Are journalists increasingly laying down for the law? (Photography by

Are journalists increasingly laying down for the law? (Photography by

• Newsrooms cutbacks aren’t just affecting investigative coverage of what happens in Canada’s legislative chambers. Those cuts are also affecting coverage of what happens in the country’s judicial chambers. In an article published in The Lawyers Weekly, Jeremy Hainsworth quotes media lawyer Dan Burnett as saying, “In the good old days, the media would fight anything that infringes freedom of the press.” But nowadays, sealing orders and closed courts are challenged “less and less.”

• Four years ago, an article published in the Canadian Parliament Review encouraged political parties and universities to develop a “proactive strategy” to encourage scientists and engineers to participate in parliamentary life. But, in a post written for Democratic Audit UK, the University of Cambridge’s Mark Goodwin points out “parliamentarians [in the United Kingdom] with scientific backgrounds don’t tend to vote any differently from their non-elected counterparts, suggesting that either efforts to improve the number of scientists in the House are either pointless, or that they make their expert contributions in other, less visible, ways.”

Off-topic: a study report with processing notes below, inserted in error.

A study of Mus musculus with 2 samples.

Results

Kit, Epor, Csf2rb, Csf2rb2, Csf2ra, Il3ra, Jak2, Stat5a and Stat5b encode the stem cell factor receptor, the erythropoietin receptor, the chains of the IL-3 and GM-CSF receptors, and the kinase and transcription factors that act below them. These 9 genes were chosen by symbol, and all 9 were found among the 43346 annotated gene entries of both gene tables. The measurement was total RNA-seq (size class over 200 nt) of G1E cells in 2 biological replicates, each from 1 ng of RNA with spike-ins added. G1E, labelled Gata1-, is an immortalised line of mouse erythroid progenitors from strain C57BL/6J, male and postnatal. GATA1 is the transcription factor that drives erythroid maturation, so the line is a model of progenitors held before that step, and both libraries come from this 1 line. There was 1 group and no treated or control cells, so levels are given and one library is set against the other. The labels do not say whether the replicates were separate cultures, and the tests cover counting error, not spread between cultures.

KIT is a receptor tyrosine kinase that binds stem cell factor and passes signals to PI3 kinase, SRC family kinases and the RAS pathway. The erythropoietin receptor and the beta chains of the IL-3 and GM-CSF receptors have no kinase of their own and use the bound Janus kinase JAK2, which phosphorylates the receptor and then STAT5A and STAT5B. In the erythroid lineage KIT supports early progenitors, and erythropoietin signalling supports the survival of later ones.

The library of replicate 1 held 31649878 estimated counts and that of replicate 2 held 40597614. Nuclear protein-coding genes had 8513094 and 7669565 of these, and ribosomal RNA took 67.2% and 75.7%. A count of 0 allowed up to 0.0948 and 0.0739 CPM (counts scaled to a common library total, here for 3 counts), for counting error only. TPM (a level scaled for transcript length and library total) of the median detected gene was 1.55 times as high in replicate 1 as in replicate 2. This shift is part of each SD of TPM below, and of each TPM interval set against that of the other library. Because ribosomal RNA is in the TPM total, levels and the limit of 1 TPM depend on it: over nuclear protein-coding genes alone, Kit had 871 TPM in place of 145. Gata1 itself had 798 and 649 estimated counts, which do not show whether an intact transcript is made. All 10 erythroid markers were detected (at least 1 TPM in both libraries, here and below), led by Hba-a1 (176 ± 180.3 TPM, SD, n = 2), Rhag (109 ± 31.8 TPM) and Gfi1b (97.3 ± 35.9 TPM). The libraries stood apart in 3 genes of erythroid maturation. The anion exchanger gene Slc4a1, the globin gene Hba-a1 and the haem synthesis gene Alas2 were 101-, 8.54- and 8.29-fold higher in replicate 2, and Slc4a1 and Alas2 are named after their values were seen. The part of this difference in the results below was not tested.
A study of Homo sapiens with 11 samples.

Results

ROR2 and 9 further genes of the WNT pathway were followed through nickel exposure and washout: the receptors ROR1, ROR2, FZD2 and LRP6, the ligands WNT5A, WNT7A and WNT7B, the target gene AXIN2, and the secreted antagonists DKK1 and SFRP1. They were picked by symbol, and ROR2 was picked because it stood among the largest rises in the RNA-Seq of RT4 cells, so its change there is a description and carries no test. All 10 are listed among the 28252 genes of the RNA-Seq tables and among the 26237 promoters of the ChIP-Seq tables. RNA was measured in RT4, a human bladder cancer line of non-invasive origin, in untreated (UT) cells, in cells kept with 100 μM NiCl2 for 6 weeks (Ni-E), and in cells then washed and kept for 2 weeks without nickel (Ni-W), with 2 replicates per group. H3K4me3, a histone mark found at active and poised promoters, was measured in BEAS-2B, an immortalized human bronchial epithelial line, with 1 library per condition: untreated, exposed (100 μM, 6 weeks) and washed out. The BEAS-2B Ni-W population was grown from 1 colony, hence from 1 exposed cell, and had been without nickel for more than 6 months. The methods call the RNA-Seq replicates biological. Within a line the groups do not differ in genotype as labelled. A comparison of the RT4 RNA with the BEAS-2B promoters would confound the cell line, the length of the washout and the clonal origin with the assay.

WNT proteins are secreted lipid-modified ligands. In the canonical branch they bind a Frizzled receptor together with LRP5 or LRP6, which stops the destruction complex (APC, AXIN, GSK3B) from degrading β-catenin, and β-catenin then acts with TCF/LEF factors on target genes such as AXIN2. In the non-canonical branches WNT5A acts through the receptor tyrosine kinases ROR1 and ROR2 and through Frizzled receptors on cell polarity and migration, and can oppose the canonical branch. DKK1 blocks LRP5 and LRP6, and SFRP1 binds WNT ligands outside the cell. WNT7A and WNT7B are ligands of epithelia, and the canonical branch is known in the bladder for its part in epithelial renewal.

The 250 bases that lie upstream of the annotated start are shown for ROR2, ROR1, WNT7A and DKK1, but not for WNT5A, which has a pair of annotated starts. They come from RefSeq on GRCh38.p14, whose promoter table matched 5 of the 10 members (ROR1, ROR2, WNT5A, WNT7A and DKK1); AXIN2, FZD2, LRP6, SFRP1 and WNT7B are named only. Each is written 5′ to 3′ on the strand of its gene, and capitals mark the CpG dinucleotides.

• It looks like journalism, it smells like journalism but it isn’t journalism. It’s advertising. That’s brand journalism in a nutshell. And, as reported by freelance journalist David Ball, it’s a public relations technique that’s now being used by the BC Liberal Party. In a story for Vancouver 24 hrs, Ball quoted me as saying that technique is “meant to create the appearance of objectivity where there is none.”

• Last week, I speculated that increasing job insecurity within the news industry may affect reporters’ willingness to produce investigative journalism. After all, it’s not uncommon for reporters to end up working for the officials and institutions they once covered. So how willing will those officials and institutions be to hire someone who makes rather than just follows the news? Will those journalists be seen as prizes or troublemakers? And how many journalists are asking themselves the same question? But, in a series of twitter postings, Sun Media’s David Akin questioned just how much news media downsizing is really happening…at least on Parliament Hill:

Have a news tip about about the state of democracy, openness and accountability in Canada? You can email me at this address.